Campers unplug from technology at 4-H camp
Jul 12, 2013 (The Observer - McClatchy-Tribune Information Services via COMTEX) --
Cell phones and wireless technology of any kind was nowhere to be found this week among the 124 boys and girls attending the annual Blue Mountain Tri-County 4-H Camp.
Still, the youths were connected in a big way -- with their peers and an experience they will remember far longer than any visit made to a website.
The camp, situated 11 miles north of La Grande, kicked off Wednesday. The three-day camp was for children in grades 4 to 7. Campers attended 40-minute class sessions where they learned about relaxation, the art of teamwork, T-shirt design and preparing food dishes, which are as healthy as they are tasty.
All this in the absence of cellphones, which campers are permitted to use only on a very limited basis, said Carole Smith, the camp director.
"They are disconnected so they can be immersed in the camp experience," Smith said.
Campers attending the 40-minute teamwork class Wednesday were clearly immersed in their efforts. They learned to pass balls to each other in a circle using only their feet, and propel a "trolley'' by standing on it in groups of six to eight and swaying while holding ropes.
"It is all about being able to work together, to learn to listen, communicate, share ideas and figure out strategies," said Oregon State University Extension Service's Bob Parker, who helped teach the class at what was known as the "challenge station."
Parker said projects requiring teamwork level the playing field.
"It is a great equalizer. Size, age and gender do not matter," Parker said.
The relaxation class, taught by Annie McClelland of Dallas, helped campers learn about the roots of stress and how to calm themselves down.
"I want them to recognize stress and know how to address it,'' said McClelland, who earlier lived in La Grande.
Robin Maille of the OSU Extension Service taught the campers how to make zestful salads from only four items, and an alternative to traditional salad dressing that is light and delicious. Maille said she wanted to show campers that preparing healthy and tasty foods is easy and fun.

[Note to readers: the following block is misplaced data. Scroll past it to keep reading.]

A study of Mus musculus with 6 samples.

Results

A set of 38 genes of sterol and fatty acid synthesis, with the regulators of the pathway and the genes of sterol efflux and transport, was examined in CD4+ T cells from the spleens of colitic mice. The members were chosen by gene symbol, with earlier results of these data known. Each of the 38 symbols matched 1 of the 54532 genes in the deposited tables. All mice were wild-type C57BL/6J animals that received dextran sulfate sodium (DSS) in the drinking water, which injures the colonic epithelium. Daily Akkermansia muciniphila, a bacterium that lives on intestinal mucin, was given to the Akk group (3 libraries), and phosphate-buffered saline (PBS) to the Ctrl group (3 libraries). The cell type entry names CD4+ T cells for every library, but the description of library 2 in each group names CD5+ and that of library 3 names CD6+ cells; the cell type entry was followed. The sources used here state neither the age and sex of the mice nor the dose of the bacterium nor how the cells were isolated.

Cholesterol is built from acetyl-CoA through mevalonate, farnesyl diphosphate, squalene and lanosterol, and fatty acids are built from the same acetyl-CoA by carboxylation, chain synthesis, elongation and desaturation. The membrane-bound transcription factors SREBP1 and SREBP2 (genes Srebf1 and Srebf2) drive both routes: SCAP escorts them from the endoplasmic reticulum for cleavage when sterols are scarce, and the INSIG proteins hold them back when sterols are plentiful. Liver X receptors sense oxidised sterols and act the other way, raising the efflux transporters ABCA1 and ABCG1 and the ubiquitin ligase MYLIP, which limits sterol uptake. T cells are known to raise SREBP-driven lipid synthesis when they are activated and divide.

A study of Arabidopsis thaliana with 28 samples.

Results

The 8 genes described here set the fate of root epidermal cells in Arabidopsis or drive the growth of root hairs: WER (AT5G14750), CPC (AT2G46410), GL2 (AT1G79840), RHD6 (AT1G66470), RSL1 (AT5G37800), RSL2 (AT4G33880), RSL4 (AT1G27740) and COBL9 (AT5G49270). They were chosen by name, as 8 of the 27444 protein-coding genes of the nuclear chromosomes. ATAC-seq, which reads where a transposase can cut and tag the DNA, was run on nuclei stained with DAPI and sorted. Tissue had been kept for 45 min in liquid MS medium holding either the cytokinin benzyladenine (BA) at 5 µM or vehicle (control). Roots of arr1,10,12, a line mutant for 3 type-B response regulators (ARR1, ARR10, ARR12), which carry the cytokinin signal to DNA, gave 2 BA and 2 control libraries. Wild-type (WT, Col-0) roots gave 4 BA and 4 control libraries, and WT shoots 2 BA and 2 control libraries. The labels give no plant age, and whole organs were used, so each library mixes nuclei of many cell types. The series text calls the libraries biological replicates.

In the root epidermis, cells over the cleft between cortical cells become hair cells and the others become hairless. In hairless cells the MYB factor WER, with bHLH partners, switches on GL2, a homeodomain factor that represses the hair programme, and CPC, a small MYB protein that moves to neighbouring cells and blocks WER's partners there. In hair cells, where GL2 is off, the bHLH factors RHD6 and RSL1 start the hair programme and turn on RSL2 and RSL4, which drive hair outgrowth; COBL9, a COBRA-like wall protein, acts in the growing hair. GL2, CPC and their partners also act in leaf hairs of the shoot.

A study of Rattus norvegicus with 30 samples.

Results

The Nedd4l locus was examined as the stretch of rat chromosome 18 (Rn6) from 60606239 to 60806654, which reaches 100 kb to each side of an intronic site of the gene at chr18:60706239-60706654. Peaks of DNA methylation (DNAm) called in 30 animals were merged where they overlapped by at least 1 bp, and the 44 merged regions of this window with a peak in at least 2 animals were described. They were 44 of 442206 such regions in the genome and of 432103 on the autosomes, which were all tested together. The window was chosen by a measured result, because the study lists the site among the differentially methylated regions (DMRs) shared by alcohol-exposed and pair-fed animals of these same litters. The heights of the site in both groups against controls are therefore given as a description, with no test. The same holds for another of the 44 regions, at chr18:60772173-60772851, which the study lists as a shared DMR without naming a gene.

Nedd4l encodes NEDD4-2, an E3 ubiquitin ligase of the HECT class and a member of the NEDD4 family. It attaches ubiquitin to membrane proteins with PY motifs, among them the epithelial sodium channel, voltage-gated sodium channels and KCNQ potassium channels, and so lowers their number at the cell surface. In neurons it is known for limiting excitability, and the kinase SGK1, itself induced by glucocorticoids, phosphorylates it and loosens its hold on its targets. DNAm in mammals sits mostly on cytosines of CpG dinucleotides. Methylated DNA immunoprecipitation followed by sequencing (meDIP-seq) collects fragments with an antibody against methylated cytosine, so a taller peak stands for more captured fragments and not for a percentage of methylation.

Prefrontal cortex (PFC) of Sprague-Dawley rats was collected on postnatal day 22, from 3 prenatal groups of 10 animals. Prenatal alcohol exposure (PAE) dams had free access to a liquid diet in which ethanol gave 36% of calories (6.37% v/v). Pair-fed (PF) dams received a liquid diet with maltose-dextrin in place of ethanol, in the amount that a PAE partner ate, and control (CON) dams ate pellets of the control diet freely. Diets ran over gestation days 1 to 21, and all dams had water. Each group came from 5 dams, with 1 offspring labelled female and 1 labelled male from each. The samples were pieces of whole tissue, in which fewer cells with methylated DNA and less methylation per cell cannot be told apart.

On the opening day of camp, things moved quickly as boys and girls attended a blitz of 10-minute classes. This helped the youths from Union, Wallowa, Baker and Umatilla counties get acclimated quickly.
"We wanted to get them mixing right away,'' Smith said.
Madison Bailey of Joseph has been coming to the camp each summer for four years. She said she is continuing to attend because she wants to later become a counselor at the camp. The Joseph youth added that she likes being in the woods at the 4-H Center.
"I enjoy getting away from television," she said.
A total of 27 counselors in grades 8 to 12 are working at the camp. Many attended as campers when they were younger, including Trevor Verhelst of Union High School and Hagen Shelden of Pendleton High
Verhelst said his experience as a camper is serving him well at the camp.
"Knowing what is going on makes it easier to help out," Verhelst said.
Shelden said he likes encouraging campers who are shy and on the sidelines to take more of an active role in activities.
"I tell them how fun it actually is," Shelden said.